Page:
Transgender Healthcare and Experimental Design

Access to gender-affirming medication and hormone therapy for transgender youth have been a subject of endless political debate. A recent WIRED article elaborates on research that indicates that denial of such medical services is a contributor to the estimated 40% of trans people who attempt suicide during their lifetime. However, researchers have encountered many obstacles when designing experiments to examine this connection. For one, transgender people, especially those looking for gender-affirming medication, are hard to come by, and those that have attempted suicide are even rarer. To remedy the latter problem, researchers focus on suicidality, a set of behaviors that can range from suicidal ideation to self-harm. Though this approach has its critics, research has shown that suicidality is a strong predictor of extreme psychological distress and attempted suicide.

The ideal experiment of a clinical trial testing the efficacy of a treatment is the double-blind randomized controlled trial: participants (in this case, transgender people seeking gender-affirming treatment) are randomly assigned either treatment or a placebo, and even the researchers do not know who has which treatment. This method ideally eliminates psychological, allocation, and selection biases, but giving potentially suicidal adolescents a placebo is unethical, so RCTs are out of the question. A double-blind is also practically impossible, as it will be obvious to participants and researchers if hormone therapy is taking effect. Participants will be less willing to participate in a clinical trial where they could potentially receive no benefit whatsoever.

Since the RCT is unfeasible, another model researchers can follow is the longitudinal study, where transgender people receiving hormone therapy are tracked over the years, starting at the beginning of their treatment. A series of longitudinal studies have found reductions in suicidality or depressive symptoms in adolescents upon receiving hormone treatment. One of the benefits of this model is that it controls for variance across individuals by comparing subjects with themselves. However, the inhibitory costs of longitudinal studies limit the sample size and time frame, and there is no control group – there is no way to know how these individuals would have responded without hormone treatment.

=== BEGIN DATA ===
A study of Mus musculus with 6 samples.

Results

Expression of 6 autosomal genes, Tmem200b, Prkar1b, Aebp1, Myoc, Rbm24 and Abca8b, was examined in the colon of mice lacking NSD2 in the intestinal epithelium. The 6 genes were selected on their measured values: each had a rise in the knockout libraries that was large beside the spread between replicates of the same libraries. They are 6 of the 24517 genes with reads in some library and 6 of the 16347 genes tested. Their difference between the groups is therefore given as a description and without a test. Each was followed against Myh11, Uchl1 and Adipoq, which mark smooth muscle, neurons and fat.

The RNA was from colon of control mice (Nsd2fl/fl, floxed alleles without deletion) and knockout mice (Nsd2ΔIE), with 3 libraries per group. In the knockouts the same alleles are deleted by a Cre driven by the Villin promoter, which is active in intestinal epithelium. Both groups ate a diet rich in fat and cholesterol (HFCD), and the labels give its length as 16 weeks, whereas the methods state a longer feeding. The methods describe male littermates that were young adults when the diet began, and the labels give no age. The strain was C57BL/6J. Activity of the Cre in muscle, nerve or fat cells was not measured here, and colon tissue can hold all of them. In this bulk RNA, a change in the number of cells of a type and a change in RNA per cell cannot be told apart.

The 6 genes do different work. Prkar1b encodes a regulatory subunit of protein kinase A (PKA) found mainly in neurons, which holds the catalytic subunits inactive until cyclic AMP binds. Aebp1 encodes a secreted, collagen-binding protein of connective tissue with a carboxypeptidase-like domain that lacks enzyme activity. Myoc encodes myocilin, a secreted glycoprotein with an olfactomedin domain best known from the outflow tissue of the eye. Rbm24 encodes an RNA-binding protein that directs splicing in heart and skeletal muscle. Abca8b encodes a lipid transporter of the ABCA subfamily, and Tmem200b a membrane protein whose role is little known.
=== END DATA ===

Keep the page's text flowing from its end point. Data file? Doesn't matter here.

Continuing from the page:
Another method is the cross-sectional study: examining a group of transgender individuals, some of whom receive gender-affirming treatment and some of whom do not, at one point in time. One cross-sectional study based on a survey of transgender adolescents found that youth who were denied puberty blockers experienced more suicidal ideation than youth who were not, though it is unclear if the ideation occurred before or after the participants would have received treatment. Moreover, it was found that hormone treatment reduced the odds of suicidal ideation and depression, although the frequency of suicide attempts was not affected. The strength of the longitudinal study is the weakness of the cross-sectional study: that participants vary individually, in aspects such as parental support and mental health at the start of treatment. Controlling for the latter is especially difficult because of the complex dimensionality of mental health, but researchers can take measures such as examining improvement in mental health.

These two types of studies have their limitations, but they complement each other. If enough researchers use both methods and produce similar results, the evidence is solid enough to support the hypothesis (the Law of Large Numbers again). RCTs may be a gold standard, but scientists have historically opted for the next best thing in times of crisis.

Ultimately, however, do we really need scientific research to tell us that being denied gender-affirming healthcare is harmful to transgender adolescents? Being misgendered or simply not feeling “right” are detrimental feelings that cisgendered people cannot imagine. Moreover,  anti-transgender legislation is a blatant societal rejection. It sends the unfiltered, explicit message that transgender people do not belong and that there is something wrong with them. In terms of experimental proof, there are plenty of studies about the negative psychological effects of discrimination in general. Even if there were widespread easy access to gender-affirming care, the intense stigma surrounding free gender self-expression would still prove a stubborn obstacle. This is, above all, an ethical argument about inclusion. And, while not 100% foolproof and decisive, science has provided us with even more urgency to address this issue.


I'm a high school student dedicated to stimulating conversation around mental health.